Monetary Impact of Mental Illness: Conversations that Matter in Signposting
- January 31, 2020
- Category: Blog External Affairs & Policy Of interest from media
College develops and hosts first co-produced educational event for member psychiatrists and trainees on conversations in signposting that matter for Recovery
The importance of advocacy, social prescribing and empowerment were all key themes that emerged at a recent symposium and workshop on “The Monetary Impact of Mental Illness: Conversations that Matter in Signposting”, developed and organised by the College and its REFOCUS* group.
Originally arising from discussion at REFOCUS meetings exploring what would support medical professionals when taking into account the effects of social and life issues on a person’s ability to put their recovery plan into action, a dedicated workgroup was set up to explore the various issues and themes. This culminated in the patient/service users, psychiatrists and family member/carers in the group devising an event for Specialists and Trainees in Psychiatry focused on providing practical up to date information and time for discussion on supports for financial issues, education and skills and employment that are instrumental in a person’s recovery.
The potential negative consequences of mental illness on a person’s employment/employability, finances, housing and education can sometimes be forgotten during recovery planning, or can be difficult to address due to lack of resourcing within the mental health services. Over the course of the day it became clear that while these consequences can severely impede recovery, there are practical achievable ways in which Psychiatrists and their teams can ensure people are presented with a recovery plan that fits the biopsychosocial model.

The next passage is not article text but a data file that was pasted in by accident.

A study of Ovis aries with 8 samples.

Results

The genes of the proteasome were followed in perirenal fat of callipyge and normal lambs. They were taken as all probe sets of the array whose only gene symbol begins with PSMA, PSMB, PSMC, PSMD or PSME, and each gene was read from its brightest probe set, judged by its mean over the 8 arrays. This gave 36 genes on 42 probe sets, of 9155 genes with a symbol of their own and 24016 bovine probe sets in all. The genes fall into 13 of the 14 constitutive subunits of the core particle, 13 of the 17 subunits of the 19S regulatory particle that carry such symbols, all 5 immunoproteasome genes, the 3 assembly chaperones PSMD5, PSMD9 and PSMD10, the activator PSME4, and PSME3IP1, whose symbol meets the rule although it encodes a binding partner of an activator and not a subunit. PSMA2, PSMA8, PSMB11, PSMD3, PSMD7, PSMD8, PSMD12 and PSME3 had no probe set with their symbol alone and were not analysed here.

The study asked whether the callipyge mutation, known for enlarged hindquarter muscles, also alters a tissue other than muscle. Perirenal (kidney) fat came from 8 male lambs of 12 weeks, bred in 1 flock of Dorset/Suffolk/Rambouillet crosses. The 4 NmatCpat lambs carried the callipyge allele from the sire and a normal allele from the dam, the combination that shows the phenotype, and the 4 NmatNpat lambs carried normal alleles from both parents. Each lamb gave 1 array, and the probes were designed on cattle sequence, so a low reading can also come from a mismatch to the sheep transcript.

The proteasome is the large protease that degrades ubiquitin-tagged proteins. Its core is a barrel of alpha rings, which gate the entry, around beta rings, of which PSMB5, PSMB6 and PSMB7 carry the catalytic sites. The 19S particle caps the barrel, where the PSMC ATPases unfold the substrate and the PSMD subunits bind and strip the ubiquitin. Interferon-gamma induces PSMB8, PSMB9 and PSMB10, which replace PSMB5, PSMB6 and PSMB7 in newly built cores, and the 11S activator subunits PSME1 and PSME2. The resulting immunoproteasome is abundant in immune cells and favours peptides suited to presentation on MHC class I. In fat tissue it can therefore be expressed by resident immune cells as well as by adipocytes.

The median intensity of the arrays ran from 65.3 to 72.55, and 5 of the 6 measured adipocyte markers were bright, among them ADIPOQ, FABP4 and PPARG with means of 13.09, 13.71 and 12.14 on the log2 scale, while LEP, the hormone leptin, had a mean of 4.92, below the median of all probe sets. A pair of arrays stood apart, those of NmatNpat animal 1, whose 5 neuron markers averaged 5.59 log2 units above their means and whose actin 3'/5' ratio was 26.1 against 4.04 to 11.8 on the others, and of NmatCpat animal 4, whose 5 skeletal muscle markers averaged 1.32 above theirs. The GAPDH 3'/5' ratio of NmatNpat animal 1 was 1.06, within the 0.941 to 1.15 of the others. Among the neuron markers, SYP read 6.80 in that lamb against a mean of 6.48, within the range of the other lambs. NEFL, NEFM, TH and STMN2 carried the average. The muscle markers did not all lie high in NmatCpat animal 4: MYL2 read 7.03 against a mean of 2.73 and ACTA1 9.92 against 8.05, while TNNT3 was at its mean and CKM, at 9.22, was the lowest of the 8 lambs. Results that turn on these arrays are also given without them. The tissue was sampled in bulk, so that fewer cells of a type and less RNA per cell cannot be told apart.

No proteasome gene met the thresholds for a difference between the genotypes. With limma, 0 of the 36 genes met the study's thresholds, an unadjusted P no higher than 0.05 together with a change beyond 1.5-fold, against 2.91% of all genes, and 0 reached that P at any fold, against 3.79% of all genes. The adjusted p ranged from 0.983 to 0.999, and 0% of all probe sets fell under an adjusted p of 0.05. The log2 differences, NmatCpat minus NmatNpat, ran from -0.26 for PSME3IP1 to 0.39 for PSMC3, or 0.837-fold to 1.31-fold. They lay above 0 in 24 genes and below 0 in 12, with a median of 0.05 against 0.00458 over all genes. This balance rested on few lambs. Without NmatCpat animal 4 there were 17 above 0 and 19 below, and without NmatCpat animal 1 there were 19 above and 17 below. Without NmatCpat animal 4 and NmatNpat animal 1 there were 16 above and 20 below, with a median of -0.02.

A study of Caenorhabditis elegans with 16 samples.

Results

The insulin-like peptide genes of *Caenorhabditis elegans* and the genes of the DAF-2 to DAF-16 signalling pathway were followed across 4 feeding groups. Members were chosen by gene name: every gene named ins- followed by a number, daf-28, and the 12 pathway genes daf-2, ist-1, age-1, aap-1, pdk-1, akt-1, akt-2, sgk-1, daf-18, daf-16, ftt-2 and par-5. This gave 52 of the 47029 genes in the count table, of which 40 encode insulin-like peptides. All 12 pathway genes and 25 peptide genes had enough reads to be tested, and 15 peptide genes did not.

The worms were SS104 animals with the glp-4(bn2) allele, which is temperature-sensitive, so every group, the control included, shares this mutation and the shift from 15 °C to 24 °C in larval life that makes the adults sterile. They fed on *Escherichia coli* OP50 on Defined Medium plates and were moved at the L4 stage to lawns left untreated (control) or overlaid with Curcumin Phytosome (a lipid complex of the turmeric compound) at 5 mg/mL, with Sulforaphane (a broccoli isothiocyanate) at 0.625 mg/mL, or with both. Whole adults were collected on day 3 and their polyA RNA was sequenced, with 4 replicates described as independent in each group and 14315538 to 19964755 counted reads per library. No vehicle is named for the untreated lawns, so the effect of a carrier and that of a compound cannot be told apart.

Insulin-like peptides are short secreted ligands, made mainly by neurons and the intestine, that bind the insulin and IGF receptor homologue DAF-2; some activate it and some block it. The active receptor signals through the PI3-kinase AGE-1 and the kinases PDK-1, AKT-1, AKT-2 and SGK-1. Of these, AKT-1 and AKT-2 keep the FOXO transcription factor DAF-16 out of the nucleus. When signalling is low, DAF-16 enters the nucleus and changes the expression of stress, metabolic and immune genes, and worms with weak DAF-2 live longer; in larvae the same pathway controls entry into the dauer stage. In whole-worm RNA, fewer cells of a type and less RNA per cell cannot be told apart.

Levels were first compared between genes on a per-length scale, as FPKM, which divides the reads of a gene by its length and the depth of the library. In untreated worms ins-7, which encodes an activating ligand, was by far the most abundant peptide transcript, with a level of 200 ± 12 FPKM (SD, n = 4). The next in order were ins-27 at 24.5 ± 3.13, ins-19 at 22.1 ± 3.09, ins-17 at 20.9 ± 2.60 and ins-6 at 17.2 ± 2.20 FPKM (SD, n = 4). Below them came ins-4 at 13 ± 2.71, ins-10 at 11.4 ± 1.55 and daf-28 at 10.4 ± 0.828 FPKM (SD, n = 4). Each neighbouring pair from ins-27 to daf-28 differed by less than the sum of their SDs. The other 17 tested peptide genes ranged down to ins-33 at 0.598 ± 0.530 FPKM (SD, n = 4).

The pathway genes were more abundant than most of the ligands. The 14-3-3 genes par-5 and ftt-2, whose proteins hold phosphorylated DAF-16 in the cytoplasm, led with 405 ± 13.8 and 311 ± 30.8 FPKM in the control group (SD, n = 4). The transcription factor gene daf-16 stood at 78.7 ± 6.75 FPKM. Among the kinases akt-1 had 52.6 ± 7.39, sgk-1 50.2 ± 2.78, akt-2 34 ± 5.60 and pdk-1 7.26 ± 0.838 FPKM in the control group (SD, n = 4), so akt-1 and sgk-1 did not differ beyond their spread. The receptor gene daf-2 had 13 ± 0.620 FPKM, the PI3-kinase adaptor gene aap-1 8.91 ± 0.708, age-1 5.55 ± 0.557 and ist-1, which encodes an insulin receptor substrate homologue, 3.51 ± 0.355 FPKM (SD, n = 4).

Presentations and panel discussion featured consultant psychiatrists who have successfully incorporated some of these elements into their practice, as well as speakers from the Irish Mental Health Lawyers Association, the Money Advice and Budgeting Service (MABS), Educational and Training Boards Ireland (ETBI) and CPsychI REFOCUS.
Key takeaways from the day included recognising the importance of creating small, actionable steps towards recovery, the difference a supportive advocate can make and the sense of value an individual gains from meaningful employment; all of these combine to allow a person a greater sense of self-esteem and confidence and empowers them to take control of their personal journey to recovery.
Attendees were not only provided with useful and practical information to take back to their practice, but given the opportunity for self-reflection and open sharing in groups.
The feedback from delegates on the usefulness of the day and meeting intended objectives was overwhelmingly positive. It is hoped to run this event in other locations incorporating suggestions from delegates for an enhanced agenda.